Sir Winston Churchill (1874-1965) Summary

Summary (20th-Century Biographies)

Sir Winston Churchill was a world figure. With Franklin D. Roosevelt and Josef Stalin, he helped shape the postwar world. Present at Yalta (1945) and other important wartime meetings, he shared Roosevelt’s terrible responsibility in coming to some kind of terms with the victorious Red Army. Although Churchill is remembered for having been a staunch anti-Communist, his treatment of Stalin was inconsistent. He seems to have thought on occasion that he could charm the Soviet leader into taking a moderate, peaceful view of postwar politics. Sometimes Churchill seems to have been cynical in suggesting to Stalin that there was an equitable way of dividing up Europe to the satisfaction of all the wartime allies. In truth, for all of his brilliance, Churchill had a weak hand to play as the representative of a declining empire and perhaps thought that he could make do with guile and with ingratiation.

Churchill’s disappointment over the course of postwar events is readily apparent in his famous Fulton, Missouri, speech (1946), in which he coined the term “Iron Curtain” to describe the brutal way Stalin had cut Eastern and Central Europe off from the “free world.” Churchill’s rhetoric crystallized what many Americans and Western Europeans had not yet articulated, and his view of the menace of postwar Communism came to dominate American foreign policy—especially in the formulation of the “containment” strategy by which American governments attempted to prevent the spread of Communism throughout the globe. Elected prime minister twice after the war (in 1951 and 1955), Churchill was not a particularly effective leader, although his august position as world statesman was unassailable.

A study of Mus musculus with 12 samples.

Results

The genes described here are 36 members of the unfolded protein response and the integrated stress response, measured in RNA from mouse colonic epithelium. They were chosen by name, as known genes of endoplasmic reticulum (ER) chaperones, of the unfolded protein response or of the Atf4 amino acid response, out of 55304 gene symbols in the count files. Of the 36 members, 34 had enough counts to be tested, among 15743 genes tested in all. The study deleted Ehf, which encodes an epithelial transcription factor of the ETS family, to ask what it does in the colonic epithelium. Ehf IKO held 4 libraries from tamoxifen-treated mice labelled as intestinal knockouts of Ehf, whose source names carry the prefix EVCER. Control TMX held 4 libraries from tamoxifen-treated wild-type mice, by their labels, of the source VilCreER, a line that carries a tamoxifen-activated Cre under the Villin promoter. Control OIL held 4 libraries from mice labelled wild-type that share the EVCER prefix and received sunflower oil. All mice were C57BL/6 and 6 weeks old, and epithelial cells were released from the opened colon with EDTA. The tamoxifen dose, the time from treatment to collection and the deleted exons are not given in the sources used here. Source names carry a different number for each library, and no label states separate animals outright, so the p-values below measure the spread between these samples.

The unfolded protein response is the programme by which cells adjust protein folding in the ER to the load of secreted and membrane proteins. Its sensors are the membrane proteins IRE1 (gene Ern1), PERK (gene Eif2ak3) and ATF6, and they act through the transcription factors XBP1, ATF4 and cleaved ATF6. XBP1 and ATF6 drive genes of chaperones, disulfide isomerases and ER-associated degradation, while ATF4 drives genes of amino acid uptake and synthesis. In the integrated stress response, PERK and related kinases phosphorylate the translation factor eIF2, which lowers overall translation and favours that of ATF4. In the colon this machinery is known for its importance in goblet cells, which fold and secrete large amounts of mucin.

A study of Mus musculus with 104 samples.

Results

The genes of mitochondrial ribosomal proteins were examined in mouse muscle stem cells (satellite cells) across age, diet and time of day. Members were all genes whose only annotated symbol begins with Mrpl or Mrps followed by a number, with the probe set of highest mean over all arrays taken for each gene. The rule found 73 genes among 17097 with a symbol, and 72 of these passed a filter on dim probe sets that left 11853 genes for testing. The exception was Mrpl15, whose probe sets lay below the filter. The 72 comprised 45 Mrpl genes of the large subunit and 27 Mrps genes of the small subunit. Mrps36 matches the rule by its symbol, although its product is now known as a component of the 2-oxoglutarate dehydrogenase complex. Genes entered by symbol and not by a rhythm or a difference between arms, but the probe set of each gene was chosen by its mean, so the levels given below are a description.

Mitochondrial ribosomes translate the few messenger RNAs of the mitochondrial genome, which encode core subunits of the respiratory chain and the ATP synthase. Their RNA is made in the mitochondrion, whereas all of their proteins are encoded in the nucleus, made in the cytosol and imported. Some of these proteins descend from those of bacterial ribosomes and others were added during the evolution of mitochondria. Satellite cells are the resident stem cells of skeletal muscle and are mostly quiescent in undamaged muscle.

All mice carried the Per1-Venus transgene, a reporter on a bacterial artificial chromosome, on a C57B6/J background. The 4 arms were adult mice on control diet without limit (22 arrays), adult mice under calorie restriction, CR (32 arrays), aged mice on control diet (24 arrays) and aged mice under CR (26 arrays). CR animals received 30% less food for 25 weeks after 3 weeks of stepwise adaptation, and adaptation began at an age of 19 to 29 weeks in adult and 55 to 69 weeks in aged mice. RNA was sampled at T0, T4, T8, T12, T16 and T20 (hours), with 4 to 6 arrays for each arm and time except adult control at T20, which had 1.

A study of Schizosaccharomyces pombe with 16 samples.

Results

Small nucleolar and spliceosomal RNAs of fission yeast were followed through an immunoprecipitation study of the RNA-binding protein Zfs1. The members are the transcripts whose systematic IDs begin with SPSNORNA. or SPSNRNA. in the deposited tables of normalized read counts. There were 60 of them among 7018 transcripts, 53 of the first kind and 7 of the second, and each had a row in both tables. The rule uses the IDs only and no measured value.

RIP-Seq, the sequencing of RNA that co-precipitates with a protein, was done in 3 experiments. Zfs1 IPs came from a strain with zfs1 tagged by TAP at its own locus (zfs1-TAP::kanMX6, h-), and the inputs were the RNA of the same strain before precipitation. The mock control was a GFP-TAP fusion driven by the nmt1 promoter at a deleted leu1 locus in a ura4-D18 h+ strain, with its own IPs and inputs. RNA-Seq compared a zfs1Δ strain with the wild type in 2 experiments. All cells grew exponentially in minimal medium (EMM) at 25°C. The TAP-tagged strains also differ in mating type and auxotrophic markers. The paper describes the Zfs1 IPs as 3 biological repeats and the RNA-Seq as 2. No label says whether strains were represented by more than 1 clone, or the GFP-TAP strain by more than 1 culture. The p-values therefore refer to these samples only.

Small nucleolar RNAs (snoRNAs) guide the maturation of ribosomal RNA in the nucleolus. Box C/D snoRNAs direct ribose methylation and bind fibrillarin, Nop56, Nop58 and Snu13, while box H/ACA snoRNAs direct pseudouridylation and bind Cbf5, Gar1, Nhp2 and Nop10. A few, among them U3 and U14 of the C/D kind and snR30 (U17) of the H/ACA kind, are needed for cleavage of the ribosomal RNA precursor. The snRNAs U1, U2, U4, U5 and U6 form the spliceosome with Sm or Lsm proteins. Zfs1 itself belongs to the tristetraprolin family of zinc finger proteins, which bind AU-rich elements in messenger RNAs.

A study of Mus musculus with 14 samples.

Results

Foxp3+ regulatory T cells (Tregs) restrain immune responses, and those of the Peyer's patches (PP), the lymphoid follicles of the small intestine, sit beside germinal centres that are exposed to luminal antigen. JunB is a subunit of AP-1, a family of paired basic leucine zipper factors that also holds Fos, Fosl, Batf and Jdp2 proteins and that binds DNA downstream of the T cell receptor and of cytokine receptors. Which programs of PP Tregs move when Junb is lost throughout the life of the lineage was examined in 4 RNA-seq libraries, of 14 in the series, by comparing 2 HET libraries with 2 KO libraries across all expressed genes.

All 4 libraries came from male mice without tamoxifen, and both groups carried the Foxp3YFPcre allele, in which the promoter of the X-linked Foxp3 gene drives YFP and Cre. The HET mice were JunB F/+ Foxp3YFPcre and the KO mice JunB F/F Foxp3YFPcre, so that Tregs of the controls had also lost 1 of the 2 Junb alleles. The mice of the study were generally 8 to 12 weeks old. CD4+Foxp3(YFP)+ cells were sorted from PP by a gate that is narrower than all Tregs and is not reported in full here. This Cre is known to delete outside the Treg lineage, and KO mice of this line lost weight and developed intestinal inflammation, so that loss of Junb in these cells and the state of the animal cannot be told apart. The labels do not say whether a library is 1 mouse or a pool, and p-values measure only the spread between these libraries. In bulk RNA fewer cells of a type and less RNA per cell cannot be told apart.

Whatever Churchill did not win through politics or through war, he won through the word. His many books consolidated his position in history. In 1953, he won the Nobel Prize for his writing and oratory. His six-volume history The Second War (1948-1954) and his A History of the English-Speaking Peoples (1956-1958) made him appear as a figure for the ages. These books are as much myth as they are history, for Churchill had no compunction about revising the past to portray his own part in it as illustriously as possible. Yet the books are also reflective of a great man who was able to stamp history in his own image and to make his word stand for the deed.